Wednesday, January 04, 2006

Thoughts about Dads and Sons and Responsibility

Michael wrote:
"A few weeks ago, the sports world was shaken by the death of James Dungy, son of NFL head-coach Tony Dungy. As the reports came out, the news went from bad to tragic as it was revealed that James had taken his own life.

In the weeks that have followed, we've seen the Dungy family have to publically deal with what is a very private pain and one that will not easily, swiftly or possibly ever go away. I will admit that in the wake of this family tragedy, I've been moved by the show of support for Dungy and his family from people in the sports world and those outside of the sports world. I've also been moved by Dungy's faith in God during this time and his falling back on that comfort in a time of pain, sorrow and tragedy."
(reposted from a comment on Michael's site)

I can't help but wonder what did Tony not do for his son - and what sacrifices did he make in his personal life so that he could succeed as an NFL head coach?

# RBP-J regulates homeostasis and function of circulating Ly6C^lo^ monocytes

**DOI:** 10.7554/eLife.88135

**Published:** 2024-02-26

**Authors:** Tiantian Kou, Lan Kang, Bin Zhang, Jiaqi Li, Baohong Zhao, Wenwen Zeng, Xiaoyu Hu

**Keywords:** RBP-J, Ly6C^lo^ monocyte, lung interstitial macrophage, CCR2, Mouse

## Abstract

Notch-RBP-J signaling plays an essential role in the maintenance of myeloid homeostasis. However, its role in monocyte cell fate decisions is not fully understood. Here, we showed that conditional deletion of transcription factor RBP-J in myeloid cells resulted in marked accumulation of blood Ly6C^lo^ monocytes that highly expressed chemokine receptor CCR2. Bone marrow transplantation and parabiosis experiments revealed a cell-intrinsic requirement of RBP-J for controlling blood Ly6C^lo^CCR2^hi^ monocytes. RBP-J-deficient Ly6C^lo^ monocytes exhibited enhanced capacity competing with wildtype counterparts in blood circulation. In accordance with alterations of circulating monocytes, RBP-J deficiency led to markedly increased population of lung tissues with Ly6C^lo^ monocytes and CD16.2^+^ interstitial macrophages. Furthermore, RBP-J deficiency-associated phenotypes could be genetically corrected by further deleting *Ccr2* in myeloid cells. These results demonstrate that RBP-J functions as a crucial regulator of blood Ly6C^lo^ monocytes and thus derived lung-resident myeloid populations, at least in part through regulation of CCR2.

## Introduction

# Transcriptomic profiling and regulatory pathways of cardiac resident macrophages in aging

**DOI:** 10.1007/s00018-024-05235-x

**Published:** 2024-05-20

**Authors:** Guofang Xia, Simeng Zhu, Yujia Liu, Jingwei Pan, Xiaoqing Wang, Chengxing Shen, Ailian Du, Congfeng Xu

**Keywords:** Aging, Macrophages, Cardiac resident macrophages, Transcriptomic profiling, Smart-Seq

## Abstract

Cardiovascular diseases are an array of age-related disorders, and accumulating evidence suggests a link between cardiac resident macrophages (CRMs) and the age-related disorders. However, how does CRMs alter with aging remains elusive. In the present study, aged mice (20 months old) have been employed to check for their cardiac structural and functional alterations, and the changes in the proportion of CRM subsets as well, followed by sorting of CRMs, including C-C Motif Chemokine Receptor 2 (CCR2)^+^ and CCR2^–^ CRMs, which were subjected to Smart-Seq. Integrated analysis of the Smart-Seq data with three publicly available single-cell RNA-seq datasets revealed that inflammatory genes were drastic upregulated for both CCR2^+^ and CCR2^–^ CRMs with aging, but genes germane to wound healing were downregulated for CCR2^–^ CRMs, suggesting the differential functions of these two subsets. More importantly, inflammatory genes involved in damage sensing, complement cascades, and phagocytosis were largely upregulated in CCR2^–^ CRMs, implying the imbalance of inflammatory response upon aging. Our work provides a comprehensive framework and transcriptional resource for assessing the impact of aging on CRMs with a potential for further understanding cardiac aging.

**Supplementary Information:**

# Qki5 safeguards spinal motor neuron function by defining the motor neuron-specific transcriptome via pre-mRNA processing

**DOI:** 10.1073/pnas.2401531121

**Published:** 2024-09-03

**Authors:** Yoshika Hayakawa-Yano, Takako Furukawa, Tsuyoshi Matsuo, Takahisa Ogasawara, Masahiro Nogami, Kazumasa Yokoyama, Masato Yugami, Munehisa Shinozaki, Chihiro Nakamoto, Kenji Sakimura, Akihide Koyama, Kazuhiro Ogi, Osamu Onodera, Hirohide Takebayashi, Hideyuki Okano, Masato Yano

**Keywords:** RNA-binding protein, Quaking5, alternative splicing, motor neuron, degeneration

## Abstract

I know James hung around the team a good deal in the past couple of years, and was a fixture around the players. But how much real, private attention did he get from his dad in his oh-so-important teen years? Those of us who follow football on college and pro levels have an idea of the time commitment it takes to be a head coach - recruting, road trips, scouting, meetings, practices, watching film, late nights... how does anyone find time to raise a teenager?

Makes you wonder what Phil Fulmer has lost in his relationships with his girls all these years. Obviously it doesn't mean they're going to commit suicide, but any father who spends an inordinate amount of time away from his kids is giving up something precious.

Which is what scares me to death when I think about career advancement and my avocational pursuits of theatre and music - one job took me away from home for two weeks. What if that happened regularly, and I wasn't there for that one ballgame, or recital, or play. Or two, or three. Or that one crisis, or that one special talk that needed to happen right then - not later, NOW.

I don't blame Tony Dungee. I don't know James' particular situation. But I can't imagine having an NFL head coach for a dad helped.

UPDATE: Will of Hit Coffee has more on a similar topic, "Wayward Sons and Daughters" where he discusses the occasions when well-raised, well-disciplined kids go wrong.